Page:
A Reminder: Pricing Car Trips to Fund Transit Is Progressive Policy

Most NYC households don't own cars, and those that do tend to earn much more than those that are car-free.

Some 45 percent of city households own cars, but only around 30 percent of New Yorkers drive or carpool to work. Photo: Roman Kruglov/Flickr
Some 45 percent of city households own cars, but only around 30 percent of New Yorkers drive or carpool to work. Photo: Roman Kruglov/Flickr

Timed to coincide with this weekend’s car-free events, the Tri-State Transportation Campaign has released a fact sheet on car ownership rates in NYC.

Compiled from 2015 U.S. Census data, Tri-State’s fact sheet shows that most households citywide don’t own a car, car-owning households tend to be more affluent than car-free ones, and the vast majority of New Yorkers don’t drive to work. These facts have remained constant for years, but it’s been some time since anyone compiled an update with current information.

Here’s the full fact sheet:

tri-state_car-free_full

A few takeaways:

  • 54.5 percent of households citywide are car-free.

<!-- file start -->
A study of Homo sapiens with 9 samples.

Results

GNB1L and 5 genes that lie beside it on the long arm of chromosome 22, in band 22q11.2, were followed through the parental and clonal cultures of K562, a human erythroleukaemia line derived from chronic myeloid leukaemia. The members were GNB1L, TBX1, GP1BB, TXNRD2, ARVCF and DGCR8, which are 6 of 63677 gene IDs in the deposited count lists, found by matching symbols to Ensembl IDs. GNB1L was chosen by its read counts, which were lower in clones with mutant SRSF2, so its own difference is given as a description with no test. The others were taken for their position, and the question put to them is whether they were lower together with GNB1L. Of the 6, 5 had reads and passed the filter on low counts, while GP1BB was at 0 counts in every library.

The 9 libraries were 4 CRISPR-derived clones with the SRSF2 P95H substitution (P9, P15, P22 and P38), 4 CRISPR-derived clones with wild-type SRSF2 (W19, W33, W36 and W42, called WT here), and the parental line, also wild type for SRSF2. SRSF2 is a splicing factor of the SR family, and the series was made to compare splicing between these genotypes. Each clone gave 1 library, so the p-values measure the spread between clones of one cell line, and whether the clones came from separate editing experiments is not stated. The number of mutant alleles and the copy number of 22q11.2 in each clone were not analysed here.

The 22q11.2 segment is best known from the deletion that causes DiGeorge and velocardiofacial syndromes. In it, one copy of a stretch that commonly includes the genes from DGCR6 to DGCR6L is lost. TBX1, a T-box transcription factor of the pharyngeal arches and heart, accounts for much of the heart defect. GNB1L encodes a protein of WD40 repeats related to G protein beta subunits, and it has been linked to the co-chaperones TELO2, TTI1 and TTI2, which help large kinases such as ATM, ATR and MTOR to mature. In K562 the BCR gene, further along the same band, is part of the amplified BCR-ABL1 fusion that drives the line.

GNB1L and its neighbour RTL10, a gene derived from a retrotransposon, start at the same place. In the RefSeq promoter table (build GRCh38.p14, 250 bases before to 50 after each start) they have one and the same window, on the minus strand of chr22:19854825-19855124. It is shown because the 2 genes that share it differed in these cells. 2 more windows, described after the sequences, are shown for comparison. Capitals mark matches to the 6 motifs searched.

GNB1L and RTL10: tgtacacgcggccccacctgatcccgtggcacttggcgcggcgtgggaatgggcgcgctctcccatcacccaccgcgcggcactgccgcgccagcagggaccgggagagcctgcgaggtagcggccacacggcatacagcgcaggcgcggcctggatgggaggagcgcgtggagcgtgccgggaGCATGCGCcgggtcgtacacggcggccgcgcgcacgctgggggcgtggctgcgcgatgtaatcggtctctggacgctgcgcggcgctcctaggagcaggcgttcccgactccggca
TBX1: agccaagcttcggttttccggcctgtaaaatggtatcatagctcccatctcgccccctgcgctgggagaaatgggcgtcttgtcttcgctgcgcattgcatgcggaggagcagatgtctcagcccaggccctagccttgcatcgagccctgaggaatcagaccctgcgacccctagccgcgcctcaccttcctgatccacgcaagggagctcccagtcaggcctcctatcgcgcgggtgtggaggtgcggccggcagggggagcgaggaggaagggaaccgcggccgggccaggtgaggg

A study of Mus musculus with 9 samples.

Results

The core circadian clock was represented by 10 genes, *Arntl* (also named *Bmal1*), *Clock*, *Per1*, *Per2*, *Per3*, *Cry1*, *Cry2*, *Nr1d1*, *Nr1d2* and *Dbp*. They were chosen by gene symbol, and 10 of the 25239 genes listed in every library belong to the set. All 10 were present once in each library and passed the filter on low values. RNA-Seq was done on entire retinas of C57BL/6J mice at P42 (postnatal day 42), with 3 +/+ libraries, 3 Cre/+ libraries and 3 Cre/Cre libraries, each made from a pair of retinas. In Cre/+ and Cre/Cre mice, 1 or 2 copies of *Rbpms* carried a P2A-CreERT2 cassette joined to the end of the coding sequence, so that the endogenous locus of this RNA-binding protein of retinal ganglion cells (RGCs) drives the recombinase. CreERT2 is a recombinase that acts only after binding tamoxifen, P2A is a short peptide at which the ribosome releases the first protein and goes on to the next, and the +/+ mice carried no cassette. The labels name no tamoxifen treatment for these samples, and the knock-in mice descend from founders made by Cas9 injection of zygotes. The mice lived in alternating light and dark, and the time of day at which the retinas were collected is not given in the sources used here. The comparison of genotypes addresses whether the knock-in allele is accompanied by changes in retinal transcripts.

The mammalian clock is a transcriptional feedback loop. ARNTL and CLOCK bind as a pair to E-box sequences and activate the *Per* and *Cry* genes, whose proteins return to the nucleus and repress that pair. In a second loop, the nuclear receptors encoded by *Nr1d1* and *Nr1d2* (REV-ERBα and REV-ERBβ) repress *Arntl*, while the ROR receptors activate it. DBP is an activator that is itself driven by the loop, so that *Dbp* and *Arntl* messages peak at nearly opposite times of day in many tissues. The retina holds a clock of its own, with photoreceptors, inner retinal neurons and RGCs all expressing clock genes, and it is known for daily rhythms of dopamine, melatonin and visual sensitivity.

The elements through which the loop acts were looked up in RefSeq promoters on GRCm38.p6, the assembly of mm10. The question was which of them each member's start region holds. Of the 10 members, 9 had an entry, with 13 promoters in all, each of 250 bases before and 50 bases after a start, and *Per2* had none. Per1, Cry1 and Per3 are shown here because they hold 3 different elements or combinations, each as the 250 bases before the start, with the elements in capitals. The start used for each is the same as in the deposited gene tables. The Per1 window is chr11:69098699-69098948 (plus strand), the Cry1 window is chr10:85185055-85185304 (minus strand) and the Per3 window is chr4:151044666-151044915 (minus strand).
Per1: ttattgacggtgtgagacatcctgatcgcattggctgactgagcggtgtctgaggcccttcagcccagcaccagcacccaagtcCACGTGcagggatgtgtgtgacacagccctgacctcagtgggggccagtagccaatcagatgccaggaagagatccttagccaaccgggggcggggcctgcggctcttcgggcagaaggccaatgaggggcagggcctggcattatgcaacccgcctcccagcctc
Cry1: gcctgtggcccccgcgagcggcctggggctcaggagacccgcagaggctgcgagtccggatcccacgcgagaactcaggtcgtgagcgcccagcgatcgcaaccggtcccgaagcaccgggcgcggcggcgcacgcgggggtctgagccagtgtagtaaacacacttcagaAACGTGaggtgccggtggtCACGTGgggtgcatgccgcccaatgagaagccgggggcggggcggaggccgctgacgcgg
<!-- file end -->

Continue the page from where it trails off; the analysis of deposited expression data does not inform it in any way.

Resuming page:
• Citywide, the median income of households with cars is more than twice as high as the median income of car-free households.
  • The income disparity between car-owning and car-free households is stark in every borough, and most pronounced in Staten Island, where the median car-free household earns 73 percent less.
  • Manhattan has the highest share of car-free households (76.6 percent), and Staten Island the lowest (17.8 percent).
  • Many car owners don’t drive to work. Though around 45 percent of households citywide have a car, only around 30 percent of workers drive or carpool to work.
  • The majority of workers in every borough take transit to their jobs — except in Staten Island, where 56 percent drive.

The fact sheet is an update to those TSTC released in 2007 to bolster the case for congestion pricing. Since then, politicians have continued to cite the mythologized car-owning working stiff to oppose toll reforms that would cut traffic and fund transit. That narrative still doesn’t mesh with reality.

There have been small fluctuations in the car ownership rate since 2000, when it stood at 44.3 percent. While the current rate is about a percentage point higher, it’s down from 46 percent in Census data collected between 2005 and 2009.